If you're not familiar with the Occupy Wall Street protest in New York, you should take some time to read up on the group. The movement's mantra is, "The one thing we all have in common is that we are the 99 percent that will no longer tolerate the greed and corruption of the 1 percent." On Sunday, about 700 protesters were arrested on the Brooklyn Bridge, where they managed to shut down traffic for several hours.

I don't think the group will be successful (yet) because they sleep in tents, and it will be cold soon. Their numbers are too low, and most of them look like the typical hippie protesters who make middle-aged men scream, "Get a job!" But there's something to these protests because, for once, many of those middle-aged men don't have jobs themselves.

There are a lot of angry people in this country. Washington is about to grapple with the federal debt, and the solution is inconsequential because more people will end up angry than satisfied, no matter the outcome. If Congress cuts Social Security and Medicare, everyone over the age of 50 will revolt. But if Congress raises taxes significantly, or cuts defense and veteran spending, or social aid, or education benefits, there will be an outcry from other groups.

Washington knows old people protest at the voting booth, so expect deep cuts to programs that affect young people. But that tactic is troublesome because young people are already struggling mightily; there are so few jobs that many have sought shelter in higher education, to the point that a graduate degree is becoming the new bachelor's degree.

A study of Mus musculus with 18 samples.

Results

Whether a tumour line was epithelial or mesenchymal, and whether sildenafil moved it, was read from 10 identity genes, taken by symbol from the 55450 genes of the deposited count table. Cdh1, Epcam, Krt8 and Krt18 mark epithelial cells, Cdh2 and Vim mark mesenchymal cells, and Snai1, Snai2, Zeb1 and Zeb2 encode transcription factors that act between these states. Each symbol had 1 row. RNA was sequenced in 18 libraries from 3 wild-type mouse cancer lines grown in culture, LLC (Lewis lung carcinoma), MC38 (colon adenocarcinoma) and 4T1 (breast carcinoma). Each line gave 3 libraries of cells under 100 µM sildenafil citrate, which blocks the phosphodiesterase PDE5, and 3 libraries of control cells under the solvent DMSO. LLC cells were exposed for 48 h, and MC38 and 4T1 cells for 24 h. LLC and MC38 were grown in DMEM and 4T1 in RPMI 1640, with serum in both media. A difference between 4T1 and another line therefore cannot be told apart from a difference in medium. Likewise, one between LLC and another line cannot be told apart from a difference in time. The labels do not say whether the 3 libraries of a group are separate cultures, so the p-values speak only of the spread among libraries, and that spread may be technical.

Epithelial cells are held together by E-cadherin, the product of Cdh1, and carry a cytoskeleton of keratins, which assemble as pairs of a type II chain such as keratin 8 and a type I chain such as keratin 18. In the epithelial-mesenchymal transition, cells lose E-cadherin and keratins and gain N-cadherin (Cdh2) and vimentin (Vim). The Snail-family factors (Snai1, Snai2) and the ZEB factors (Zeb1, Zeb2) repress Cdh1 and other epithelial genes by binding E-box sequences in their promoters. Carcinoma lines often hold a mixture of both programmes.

That student loan debt needs to be paid off eventually though, and already there are a lot of young, highly educated poor people. They're the type who grew up mocking hippie protesters, who thought they'd go to college to get a good job, a nice car and a spouse of above-average attractiveness.

But they don't have any of that. They have a stack of bills from Sallie Mae, a room in their parents' house and an hourly wage. They still have passion, though, the kind that gets swept up in the romance of a large political movement that demands change. Just ask the president.

Except this time, it won't be about hope. It will be about the latent anger that keeps winning Emmys for Jon Stewart over Stephen Colbert, that made "H.A.M." a catchphrase within about 48 hours of the release of Kanye West and Jay Z's new album, the kind that's going to simmer through the winter election cycle because all the realistic Republican candidates are a joke.

It may not happen this year, but Occupy Wall Street is laying the groundwork for a major social movement. Media coverage has been middling because no network wants to show a bunch of hippies playing drums. Maybe a hot babe will be the tipping point.

Think about it: The tea party receives approximately 99 percent of its press because of Mama Grizzly. Michael Moore and Roseanne Barr aren't doing Occupy Wall Street any favors when it comes to media coverage, so the day a beautiful, intelligent woman becomes the face of the movement is the day it becomes front-page news across the country (my vote is for Natalie Portman).

It takes time for political movements to build traction. The first step in taking down the haves is admitting you're a have-not. That's a tough pill to swallow for many prideful Americans, but we've got humor to help us cope. Last fall, more than 200,000 people attended Stewart and Colbert's Rally to Restore Sanity and/or Fear, and I'm sure this winter will bring a lot of subversive humor about the presidential campaign.

Give Occupy Wall Street a few months to organize, and who knows what could happen. Maybe this year is the joke. Maybe next year is when people will realize the sad truth of the joke and start getting angry.

Christopher Haxel is a senior English major. He can be reached at haxel@umdbk.com.